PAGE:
I rode past a Korean restaurant on Buccleuch St. yesterday. This fills me with inordinate joy. Yes, this post is going to be about food.
Korean is my favourite cuisine. I came to it quite late, probably in my teens, unlike other Asian cuisines, like Thai (6 years old), Japanese (4 years old), Chinese (in the womb). I love how in your face kimchi is, and the banchan (side dishes) served with the main meal. I adore pajeon, and kimbap, and everyone’s favourite, the stone-bowl rice dish bibimbap. But the BBQ. Oh, the BBQ — thinly sliced meat with just the right level of char, eaten in a smoke-filled restaurant…
Anyway, I like Korean food, is what I’m saying. The discovery of this Korean place has given me another marketing angle. I’m pretty sure I’m the only show on the Fringe that features Korean hip-hop, so today I’m gonna head down there, probably eat some naengmyeon, and put up a poster trumpeting that fact.
I had a day off yesterday as my venue is dark on Sundays. It was lovely out, and I used it productively. I rode out to Morningside (which was nice, but doesn’t really live up to its reputation as super-posho-organic-happy-land — although I noticed that’s where they hide the Waitrose). I sat in a cafe for about four hours writing a new version of my show (with a rather audacious story in the middle) and finishing a load of work I’d left behind in London. In the evening I did Charlie Duncan’s excellent free showcase at The Hive, which is a great venue on Niddry St. I think there were about 50 people in, so good exposure for my own show, if anything.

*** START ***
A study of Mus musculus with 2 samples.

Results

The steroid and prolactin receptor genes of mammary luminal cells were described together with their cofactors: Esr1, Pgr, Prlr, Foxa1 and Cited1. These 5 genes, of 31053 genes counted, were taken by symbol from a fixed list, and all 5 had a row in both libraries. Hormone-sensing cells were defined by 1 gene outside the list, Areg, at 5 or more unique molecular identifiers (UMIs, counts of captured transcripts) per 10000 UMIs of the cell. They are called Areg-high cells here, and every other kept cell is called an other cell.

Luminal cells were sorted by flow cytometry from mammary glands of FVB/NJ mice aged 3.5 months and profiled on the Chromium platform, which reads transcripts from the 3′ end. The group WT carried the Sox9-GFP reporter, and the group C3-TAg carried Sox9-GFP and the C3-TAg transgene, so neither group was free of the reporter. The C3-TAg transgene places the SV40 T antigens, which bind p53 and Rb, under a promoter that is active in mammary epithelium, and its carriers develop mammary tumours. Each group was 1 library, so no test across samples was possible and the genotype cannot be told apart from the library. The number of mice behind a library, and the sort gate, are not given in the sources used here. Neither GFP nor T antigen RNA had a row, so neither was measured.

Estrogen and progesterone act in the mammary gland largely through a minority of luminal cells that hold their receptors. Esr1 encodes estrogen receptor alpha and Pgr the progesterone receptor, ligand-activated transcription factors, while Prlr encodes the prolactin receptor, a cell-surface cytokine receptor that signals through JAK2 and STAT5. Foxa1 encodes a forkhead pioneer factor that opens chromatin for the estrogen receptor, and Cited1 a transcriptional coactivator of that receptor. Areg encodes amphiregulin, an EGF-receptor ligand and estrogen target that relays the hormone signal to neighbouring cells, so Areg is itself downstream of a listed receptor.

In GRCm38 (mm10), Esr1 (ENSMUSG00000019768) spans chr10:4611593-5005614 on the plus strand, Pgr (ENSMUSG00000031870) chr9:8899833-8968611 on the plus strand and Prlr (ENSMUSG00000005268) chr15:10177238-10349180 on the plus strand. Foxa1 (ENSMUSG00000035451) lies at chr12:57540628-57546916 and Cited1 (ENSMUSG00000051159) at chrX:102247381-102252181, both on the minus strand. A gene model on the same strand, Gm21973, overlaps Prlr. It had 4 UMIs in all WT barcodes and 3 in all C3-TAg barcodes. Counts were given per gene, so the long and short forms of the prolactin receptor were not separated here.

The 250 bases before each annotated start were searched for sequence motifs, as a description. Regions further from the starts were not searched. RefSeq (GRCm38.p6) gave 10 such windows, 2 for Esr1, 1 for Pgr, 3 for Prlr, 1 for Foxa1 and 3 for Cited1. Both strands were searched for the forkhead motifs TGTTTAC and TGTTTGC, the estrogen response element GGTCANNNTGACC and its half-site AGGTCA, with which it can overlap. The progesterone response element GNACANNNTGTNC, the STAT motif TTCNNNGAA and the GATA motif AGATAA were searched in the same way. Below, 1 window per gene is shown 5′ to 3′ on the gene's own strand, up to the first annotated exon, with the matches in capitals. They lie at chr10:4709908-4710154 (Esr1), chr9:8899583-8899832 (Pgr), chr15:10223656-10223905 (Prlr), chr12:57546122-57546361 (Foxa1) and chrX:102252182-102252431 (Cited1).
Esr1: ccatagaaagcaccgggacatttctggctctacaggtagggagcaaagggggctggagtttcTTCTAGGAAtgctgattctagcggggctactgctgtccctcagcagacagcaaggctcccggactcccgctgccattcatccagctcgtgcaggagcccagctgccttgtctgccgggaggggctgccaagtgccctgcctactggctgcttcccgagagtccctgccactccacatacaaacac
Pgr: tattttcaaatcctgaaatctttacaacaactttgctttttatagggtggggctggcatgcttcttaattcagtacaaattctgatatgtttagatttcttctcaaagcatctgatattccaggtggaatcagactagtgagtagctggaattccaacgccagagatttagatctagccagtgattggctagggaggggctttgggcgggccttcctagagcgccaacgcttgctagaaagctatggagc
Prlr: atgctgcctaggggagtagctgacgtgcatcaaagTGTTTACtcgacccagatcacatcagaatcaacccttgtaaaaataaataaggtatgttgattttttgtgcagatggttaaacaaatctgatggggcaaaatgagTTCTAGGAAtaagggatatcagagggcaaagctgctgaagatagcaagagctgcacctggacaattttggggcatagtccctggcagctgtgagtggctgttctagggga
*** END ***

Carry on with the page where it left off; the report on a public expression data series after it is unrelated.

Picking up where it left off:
HORROR OF HORRORS, after the show, as the audience came out this guy came up to me and said ‘Kumusta.’ It took me a bit of time to process. Kumusta is ‘how are you’ in Tagalog. So I said – ‘Oh, kumusta, salamat po.’ He then pointed to his girlfriend and said ‘she’s Filipino.’ Ah ha. I never really expect Filipino people to come to my shows. I felt weirdly vulnerable. I have a couple of jokes about the Filipino side of my family speaking Taglish (Tagalog and English in the same sentence) in my set, and usually I do a demonstration. However, I don’t speak Tagalog, and I have been lazy and didn’t look it up on the internet, so I’ve just been using song lyrics from the Philippines’ biggest pop singer, Charice. This is the equivalent of just going ‘Hit me baby one more time.’ I never thought anyone would notice, but as the guy and his Filipino girlfriend were leaving, she winked at me. I think she knows that magsimula tayo para tayo’y sobrang happy na does not mean what I want it to mean.